Every now and then, I become exasperated with cheap American wine. I recall our modest cellar back home, with those bottles of Burgundy and Claret, each tasting of a place and a terroir, sometimes with the aftertaste of some deeply rotted saint. Then I visit the little wine store here in Culpeper, Virginia, and go the extra few dollars for a bottle of something French. And I am always disappointed.
The old aromas are there, the old sense of the soil and of the labour that has wrestled with it over centuries. But there is a bitter aftertaste, as though a few drops of gall have been inserted into every bottle, just so that the Americans can know what the French really think of them.
I used to think that the problem was the second-rate growths that get to Culpeper, where nothing entirely first-rate ever happens. Then, finding my favourite Château Potensac on sale in Washington, I rushed to buy a case. Heaving this wooden box on to the Metro, carrying it in my arms around Union Station and eventually falling exhausted on to train 51, which makes it all the way to Chicago but will stop, if you ask it to, in Culpeper, I managed to bring my prize home. I drew a cork from one of the bottles as we sat down to our hamburger and fries, and we looked across at each other expectantly. Then our smiles quickly turned to frowns. There it was again, that bitter aftertaste, like a bad memory that constantly returns.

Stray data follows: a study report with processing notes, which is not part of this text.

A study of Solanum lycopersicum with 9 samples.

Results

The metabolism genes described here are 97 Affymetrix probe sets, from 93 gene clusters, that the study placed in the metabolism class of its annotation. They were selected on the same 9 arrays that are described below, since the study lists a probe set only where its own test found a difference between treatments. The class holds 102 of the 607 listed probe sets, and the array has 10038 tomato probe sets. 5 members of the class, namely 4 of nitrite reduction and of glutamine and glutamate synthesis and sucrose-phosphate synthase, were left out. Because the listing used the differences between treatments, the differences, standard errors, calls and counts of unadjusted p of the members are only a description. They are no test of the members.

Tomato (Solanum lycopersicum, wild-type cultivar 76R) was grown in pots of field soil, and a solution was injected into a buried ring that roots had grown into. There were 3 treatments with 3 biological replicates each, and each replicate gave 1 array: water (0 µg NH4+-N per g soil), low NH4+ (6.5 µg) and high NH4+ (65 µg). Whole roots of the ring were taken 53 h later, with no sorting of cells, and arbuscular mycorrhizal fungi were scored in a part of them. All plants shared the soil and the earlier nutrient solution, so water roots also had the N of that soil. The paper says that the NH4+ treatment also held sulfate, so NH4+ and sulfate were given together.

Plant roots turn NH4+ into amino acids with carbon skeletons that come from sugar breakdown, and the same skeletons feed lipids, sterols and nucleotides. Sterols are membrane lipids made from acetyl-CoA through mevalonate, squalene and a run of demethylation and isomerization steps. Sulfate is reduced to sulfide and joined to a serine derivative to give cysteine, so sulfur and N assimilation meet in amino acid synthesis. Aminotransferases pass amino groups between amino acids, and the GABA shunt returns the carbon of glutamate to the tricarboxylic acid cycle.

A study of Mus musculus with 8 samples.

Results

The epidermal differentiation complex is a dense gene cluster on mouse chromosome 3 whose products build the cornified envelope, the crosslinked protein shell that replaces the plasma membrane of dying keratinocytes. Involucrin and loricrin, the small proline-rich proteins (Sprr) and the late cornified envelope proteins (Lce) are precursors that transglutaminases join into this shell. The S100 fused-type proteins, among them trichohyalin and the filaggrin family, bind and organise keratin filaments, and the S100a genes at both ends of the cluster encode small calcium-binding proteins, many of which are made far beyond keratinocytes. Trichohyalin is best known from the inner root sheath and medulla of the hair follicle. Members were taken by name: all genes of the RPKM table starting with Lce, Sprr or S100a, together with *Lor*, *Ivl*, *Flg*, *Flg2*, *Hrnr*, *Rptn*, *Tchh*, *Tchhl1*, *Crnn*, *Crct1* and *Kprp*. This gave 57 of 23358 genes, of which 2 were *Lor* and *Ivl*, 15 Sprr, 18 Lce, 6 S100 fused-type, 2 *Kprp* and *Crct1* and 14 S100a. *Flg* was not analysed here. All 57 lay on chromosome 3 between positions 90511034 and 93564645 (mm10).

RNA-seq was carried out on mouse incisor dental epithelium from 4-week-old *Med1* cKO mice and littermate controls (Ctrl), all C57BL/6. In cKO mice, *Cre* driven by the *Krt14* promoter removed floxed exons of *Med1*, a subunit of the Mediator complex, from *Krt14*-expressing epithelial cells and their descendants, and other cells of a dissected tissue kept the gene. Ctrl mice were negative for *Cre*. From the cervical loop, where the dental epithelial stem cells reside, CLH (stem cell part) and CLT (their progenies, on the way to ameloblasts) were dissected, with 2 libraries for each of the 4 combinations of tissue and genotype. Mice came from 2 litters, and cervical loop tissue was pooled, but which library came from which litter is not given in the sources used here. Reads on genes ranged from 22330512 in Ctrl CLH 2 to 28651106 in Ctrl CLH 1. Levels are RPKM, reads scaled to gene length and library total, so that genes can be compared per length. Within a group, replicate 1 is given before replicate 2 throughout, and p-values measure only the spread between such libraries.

The explanation is surely not the Atlantic crossing: the trucks that rattle to Washington from California do more to shake things around than any boat from Bordeaux. What then is it that distinguishes a bottle of Potensac sold in Washington from one obtained in France?
Suddenly the answer is clear: there, on the bottle, is that mendacious stamp that you will never find outside the United States, telling you that, according to the surgeon general, pregnant women should not consume alcohol, which can produce birth defects, and that alcohol can affect your driving, and may cause health problems.
Who is this surgeon general? And what does he know about it? Why doesn't he warn those pregnant women against television and computer games, which cause far more birth defects than are ever likely to be caused by a glass of wine over supper? Somehow the mean-minded puritanism of this guy is able, once stamped on the glass, to find its way to the stuff inside, turning sunlit joy to chill apprehension.
We pour the rest of the bottle down the sink. But a troubling question remains; why doesn't the surgeon general's stamp poison the wine of America? The answer eventually dawns on us. American products, like the American people, have suffered puritanism for so long that they have developed antibodies. The conclusion is obvious: when in America, drink American wine.